Lindsay, 28, Oregon, USA

If things aren’t in just the right order, my life will spin out of control and fall apart

lindsay-no-textThe first rule of my OCD is that the rules must always be followed. No exceptions. Any breaking of the rules must be immediately rectified.

These were the rules that had to be followed for the apps on my phone:

  • Each row must be complete - four units across in the main menu and three across within folders.
  • The titles of the apps/folders must be in alphabetical order by row.
  • Rows must consist entirely of either lone apps or folders – no mixing within rows.
  • The colors of the lone apps must be coordinated somehow – blues/greens together, oranges/yellows, black/white/grey, etc.
  • Apps within folders must also be in alphabetical order.
  • If for some reason the colors don’t work, either move the offending app onto the second page of a folder or delete it (you probably don’t use it all that often anyway).
  • There can only be four rows per screen - there must be an ample amount of space between the main section of apps and the bottom row where the “main” functions live (messages, phone, Safari, mail).
  • Blue/green/white/black go on the first page and the oranges/yellows/reds go on the second page.

Until very recently, those were all of the rules/conditions that had to be met on my phone at all times (I don’t know if I should tell you the last one I had to really dig to come up with – I had to have an even number…).

In the time since my diagnosis, I’ve learned a lot about what OCD looks like in my life and the myriad of ways in which it’s made its presence known in my everyday activities and functioning.

The idea of telling the world (or at least the few people on the Internet who might read it) that I have OCD is more than a little terrifying. The stigma attached to any type of mental illness in our culture is harsh and I do not want this diagnosis to give anyone cause to treat me differently.

My struggles with depression and deciding whether or not to share that part of myself engendered similar thoughts and feelings, and even now, years after I was diagnosed and started telling people, there are days when I wish there weren’t quite so many people out there who know about it.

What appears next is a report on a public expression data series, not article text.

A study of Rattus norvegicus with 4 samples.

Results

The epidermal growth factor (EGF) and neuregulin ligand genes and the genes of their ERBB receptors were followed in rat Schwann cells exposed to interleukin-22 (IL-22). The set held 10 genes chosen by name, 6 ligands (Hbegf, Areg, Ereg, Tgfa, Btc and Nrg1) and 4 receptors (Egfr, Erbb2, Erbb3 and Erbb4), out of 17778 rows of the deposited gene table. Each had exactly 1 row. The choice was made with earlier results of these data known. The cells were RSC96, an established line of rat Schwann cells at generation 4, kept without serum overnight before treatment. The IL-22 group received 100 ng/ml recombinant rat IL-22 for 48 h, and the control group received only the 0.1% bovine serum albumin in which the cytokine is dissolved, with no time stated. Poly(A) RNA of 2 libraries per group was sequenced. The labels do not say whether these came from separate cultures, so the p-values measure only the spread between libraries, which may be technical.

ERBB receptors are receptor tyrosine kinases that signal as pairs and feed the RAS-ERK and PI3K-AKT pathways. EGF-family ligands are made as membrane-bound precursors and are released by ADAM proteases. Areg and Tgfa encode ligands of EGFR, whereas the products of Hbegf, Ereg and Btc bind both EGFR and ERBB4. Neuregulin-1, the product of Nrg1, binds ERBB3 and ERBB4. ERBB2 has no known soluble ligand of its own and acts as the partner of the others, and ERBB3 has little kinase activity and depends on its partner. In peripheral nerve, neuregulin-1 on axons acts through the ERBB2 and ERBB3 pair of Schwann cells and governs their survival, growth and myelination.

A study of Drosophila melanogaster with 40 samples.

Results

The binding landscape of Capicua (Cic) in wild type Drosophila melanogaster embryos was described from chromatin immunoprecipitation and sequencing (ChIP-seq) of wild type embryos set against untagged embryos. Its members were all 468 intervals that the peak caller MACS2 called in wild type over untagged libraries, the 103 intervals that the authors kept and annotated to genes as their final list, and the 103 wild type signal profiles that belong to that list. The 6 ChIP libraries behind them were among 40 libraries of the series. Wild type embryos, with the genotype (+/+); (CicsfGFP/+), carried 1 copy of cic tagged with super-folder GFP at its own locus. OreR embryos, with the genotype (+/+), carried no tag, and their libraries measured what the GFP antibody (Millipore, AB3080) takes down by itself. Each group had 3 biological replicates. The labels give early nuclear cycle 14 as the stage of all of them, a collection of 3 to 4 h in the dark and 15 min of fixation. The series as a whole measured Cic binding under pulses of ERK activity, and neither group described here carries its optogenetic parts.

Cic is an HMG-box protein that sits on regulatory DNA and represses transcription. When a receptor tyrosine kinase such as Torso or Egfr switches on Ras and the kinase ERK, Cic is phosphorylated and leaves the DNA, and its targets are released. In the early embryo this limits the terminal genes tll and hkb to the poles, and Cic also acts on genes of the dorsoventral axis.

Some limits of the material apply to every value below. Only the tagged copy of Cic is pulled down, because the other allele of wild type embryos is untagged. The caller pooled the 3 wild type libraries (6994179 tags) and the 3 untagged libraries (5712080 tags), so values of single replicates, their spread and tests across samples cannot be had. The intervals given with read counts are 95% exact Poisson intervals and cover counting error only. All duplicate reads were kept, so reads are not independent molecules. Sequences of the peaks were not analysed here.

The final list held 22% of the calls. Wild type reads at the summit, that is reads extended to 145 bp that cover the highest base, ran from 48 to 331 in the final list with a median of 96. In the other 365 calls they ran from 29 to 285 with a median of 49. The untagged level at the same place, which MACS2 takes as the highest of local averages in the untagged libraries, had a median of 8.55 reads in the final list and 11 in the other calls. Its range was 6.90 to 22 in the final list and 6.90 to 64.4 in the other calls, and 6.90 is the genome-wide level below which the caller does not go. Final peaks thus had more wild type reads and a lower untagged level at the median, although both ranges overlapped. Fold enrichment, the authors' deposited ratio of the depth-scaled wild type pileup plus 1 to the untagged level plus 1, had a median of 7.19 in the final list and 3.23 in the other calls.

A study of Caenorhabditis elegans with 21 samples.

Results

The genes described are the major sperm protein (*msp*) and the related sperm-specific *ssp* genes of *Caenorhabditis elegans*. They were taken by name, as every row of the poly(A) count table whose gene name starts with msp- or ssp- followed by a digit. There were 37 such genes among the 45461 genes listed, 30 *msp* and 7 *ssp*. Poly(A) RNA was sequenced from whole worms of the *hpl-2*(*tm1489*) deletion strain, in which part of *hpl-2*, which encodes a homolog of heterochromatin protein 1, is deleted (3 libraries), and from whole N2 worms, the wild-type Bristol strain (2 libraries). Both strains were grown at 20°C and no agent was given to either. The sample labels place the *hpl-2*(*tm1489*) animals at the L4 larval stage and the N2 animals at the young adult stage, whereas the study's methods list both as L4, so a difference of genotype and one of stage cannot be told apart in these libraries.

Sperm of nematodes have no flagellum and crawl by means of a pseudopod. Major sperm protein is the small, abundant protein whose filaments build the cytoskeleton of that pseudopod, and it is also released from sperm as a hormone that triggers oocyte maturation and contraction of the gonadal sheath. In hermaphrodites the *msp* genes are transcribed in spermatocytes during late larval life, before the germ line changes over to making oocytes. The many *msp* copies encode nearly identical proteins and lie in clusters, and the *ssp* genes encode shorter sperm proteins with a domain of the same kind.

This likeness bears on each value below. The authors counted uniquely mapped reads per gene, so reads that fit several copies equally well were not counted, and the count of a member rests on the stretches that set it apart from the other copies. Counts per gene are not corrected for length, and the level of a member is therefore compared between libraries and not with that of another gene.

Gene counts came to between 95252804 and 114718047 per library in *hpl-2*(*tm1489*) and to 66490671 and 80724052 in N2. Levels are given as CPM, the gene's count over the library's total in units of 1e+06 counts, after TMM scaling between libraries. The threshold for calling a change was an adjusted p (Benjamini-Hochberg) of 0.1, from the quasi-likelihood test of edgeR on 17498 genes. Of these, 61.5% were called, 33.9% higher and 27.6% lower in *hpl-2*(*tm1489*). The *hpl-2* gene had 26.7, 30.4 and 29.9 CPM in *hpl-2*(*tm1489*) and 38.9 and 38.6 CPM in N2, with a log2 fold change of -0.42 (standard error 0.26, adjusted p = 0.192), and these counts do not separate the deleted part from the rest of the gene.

But for some reason, this feels worse. I think it’s because depression seems to be easier to take in, or understand, for a lot of people. The scope of what people know about depression – what it does and what it looks like – is much wider, and thus slightly easier to talk about.

There are also so many stereotypes of what it looks like to have OCD. For me, though, it’s something I carry around (and if I’m being honest, have carried for quite some time) but don’t necessarily show to other people. My obsessions and compulsions are easy to hide in plain sight - “I’m just really organized” and “I like things neat” have been my go-to lines for years.

The obsessive thinking is also fairly easy to hide. Just as I found ways to put on a mask to hide my depression, I feel that I’ve been fairly successful at not letting people know what exactly is going on in my head at any given moment, particularly when I’ve grasped a thought and can’t let it go.

I’m making progress… each thing that I can “mess up” and leave that way without feeling anxiety is a victory – my phone being perhaps the most significant victory thus far. But I still want so badly to “fix” things, and it will be a fight, but it’s one worth fighting.

Categories: The Wall

2 replies »

  1. I am also struggling with this, the main obsession being: if I don’t go through my daily checklist of things to tidy in my house, I feel anxiety and can’t move onto other things ’til they’re done…if too much disorder builds, I get overwhelmed, depressed and it takes me weeks to ‘get back to normal’ – I HAVE to stay on top of my ‘maintenance’ orderliness.


  2. I struggle with similar compulsions: order, symmetry, extreme neatness, everything having to be “tucked & tight”. It is mentally exhausting & leads to a really bad depression. All I can say is hang in there & keep doing your exposures. Any victory, no matter how small, is a strike against the ocd bully.